Mississippi has been hit with a statewide teacher shortage, with Mississippi Department of Education reporting that in 2007 it received 7,000 applications for teacher certification, and in 2017, they received approximately 700.
From district to district, the effects are slightly different.
According to Madison County School District Superintendent Kimber Halliburton, the district employs 1,100 certified teachers, and a handful of those positions were still open before the school year began.
Tommy Nalls, a teacher recruiter for Jackson Public Schools, said the district has 2,300 certified teaching positions and 220 open positions currently. He added that there are currently a number of applications on file, and applicants are being screened to cut the number of open positions.
However, Nalls said the number of open positions has dropped significantly compared to last year. He said the district had double the number of open positions at this point in 2017.
“It’s an improvement,” he said. “This time last year, we had 400. We have cut that in half. It’s something that we are taking seriously and working to improve.”
Nalls said the district struggles most with positions in core subjects, such as math and science, because of the required certification.
“It’s definitely more difficult to locate individuals who are certified in math, science and special education,” he said.
Both districts see the need to attract new teachers, but also to retain the teachers they already have.
“Our mentoring program helps a lot, I think, for new teachers to the district with the retention piece,” Halliburton said. “We also have an orientation piece, for new teachers, not just new to the profession, but new to Madison County, so that we can teach them the Madison way, so to speak.”
New teachers within Madison County School District and Jackson Public Schools are assigned a mentor. That way, new teachers are paired with a seasoned professional to help answer any questions they may have to help smooth the transition in a more personal way.
“I think that really helps with retention,” Halliburton said. “Along with the excellent quality professional development that was in place long before I got here. But I think that that’s something that we could even make stronger.”
Nalls said he is working closely with the JPS professional development team to target those within the district who could become certified.
“That way, we grow teachers from the inside, as well as bring in teachers from the outside,” Nalls said. “We work closely with them to retain them.”
The district has also begun a new teacher education program.
“We meet with them periodically throughout the school year to talk with them about lesson planning and classroom management,” Nalls said of teachers with zero to three years of teaching experience.
This gives new teachers the chance to sit down with a veteran teacher to have all of their questions answered, get advice on a variety of subjects and become acclimated to the district.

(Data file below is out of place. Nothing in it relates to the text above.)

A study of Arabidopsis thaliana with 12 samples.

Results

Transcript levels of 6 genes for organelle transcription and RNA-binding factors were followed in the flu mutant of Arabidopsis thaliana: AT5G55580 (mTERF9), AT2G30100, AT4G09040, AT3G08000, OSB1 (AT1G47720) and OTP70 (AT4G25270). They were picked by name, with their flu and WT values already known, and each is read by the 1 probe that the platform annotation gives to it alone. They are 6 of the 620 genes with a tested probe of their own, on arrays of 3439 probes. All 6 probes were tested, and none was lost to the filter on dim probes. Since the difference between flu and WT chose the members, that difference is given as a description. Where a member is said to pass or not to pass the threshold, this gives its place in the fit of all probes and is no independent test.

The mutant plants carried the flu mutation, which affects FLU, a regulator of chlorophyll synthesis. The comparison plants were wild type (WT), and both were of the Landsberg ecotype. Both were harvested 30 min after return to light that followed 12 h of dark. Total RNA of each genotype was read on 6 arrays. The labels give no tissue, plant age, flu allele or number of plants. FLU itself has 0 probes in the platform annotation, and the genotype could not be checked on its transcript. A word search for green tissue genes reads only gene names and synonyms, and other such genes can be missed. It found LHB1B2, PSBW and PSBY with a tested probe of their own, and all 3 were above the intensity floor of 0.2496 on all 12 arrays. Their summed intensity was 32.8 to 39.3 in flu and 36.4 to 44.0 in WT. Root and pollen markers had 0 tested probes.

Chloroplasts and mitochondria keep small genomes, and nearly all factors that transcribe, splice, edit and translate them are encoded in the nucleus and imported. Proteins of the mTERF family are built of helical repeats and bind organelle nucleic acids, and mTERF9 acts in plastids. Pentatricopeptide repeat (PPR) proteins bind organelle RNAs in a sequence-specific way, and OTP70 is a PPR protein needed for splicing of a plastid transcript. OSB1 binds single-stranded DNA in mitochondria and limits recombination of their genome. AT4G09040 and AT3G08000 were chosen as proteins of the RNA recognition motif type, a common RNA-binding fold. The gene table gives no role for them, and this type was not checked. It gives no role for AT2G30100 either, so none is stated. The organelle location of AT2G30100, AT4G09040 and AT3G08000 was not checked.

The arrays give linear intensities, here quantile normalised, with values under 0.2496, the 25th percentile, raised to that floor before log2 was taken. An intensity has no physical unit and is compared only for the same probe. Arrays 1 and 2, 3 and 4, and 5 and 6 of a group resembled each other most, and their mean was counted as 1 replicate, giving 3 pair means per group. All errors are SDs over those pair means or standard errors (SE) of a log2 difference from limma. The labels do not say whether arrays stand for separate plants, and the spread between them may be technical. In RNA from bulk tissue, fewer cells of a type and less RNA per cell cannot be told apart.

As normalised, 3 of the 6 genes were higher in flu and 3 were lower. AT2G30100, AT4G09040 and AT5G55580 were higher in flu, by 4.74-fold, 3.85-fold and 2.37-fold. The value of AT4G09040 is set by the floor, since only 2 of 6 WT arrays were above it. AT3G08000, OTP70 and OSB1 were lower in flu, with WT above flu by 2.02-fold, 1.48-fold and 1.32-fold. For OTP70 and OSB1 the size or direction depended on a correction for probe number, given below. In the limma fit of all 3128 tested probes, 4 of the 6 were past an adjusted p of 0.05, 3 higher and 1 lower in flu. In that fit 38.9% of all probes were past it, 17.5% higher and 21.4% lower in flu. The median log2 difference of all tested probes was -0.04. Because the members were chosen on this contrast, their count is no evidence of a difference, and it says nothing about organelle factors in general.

“Research has shown that if you can retain a teacher for three years, your chance is better at keeping them,” Nalls said. “We’ve been getting some positive feedback with that. It’s a very valuable tool. Working in such a large school district can be overwhelming and having a mentor can be comforting.”
Halliburton said that the mentoring program has aided retention within Madison County schools.
“Certainly, we have a highly motivated teaching force, or otherwise we wouldn’t have the strong results that we have,” Halliburton said. “I think the way to keep them engaged is always giving them quality feedback. Your strongest teachers want that, so the mentoring program speaks to that.”
Halliburton said in addition to the professional development opportunities and mentorship within the district, they also offer a competitive compensation package and health benefits that help attract new teachers.
“We have one hand full of vacancies right now, and we have enough applicants to make sure that those are filled by the time that school starts,” she said. “So, it’s not really impacting us in a serious way.”
Halliburton said that Madison County schools also work with their human resource department in outreach. Outreach includes hosting career fairs to help fill vacancies.
“We have an excellent response to that,” she said. “We host it after hours because the typical college student who is trying to secure their certification or degree are typically in class during the day. And teachers who are looking for a change, they’re teaching during the day. We make it convenient for teacher candidates.”
The Madison County School District human resources department also sends staff to surrounding universities’ career fairs.
“They do a great job drawing in those who are working toward an education degree,” she said. “I really believe this is becoming problematic for districts across the country. You do make sure that what your district offers is an opportunity for them to have leadership opportunities and the ability to grow in their career and skillsets and their classroom teaching. I think that’s the key to continue to retain teachers.”
Nalls said one of the main ways Jackson Public Schools is working to combat the teacher shortage issue is by creating his current position as a teacher recruiter.
“I schedule and attend recruitment fairs and job fairs,” he said. “I also meet with certified individuals and tell them about Jackson Public Schools and attempt to bring them in.”
He is also working to set up meeting opportunities with local universities to discuss requirements and licensure needed to join the teacher workforce.
“I tell them some things a student who is considering a career in education would want to consider doing while in college, so that they will be eligible to receive a teacher certification,” he said.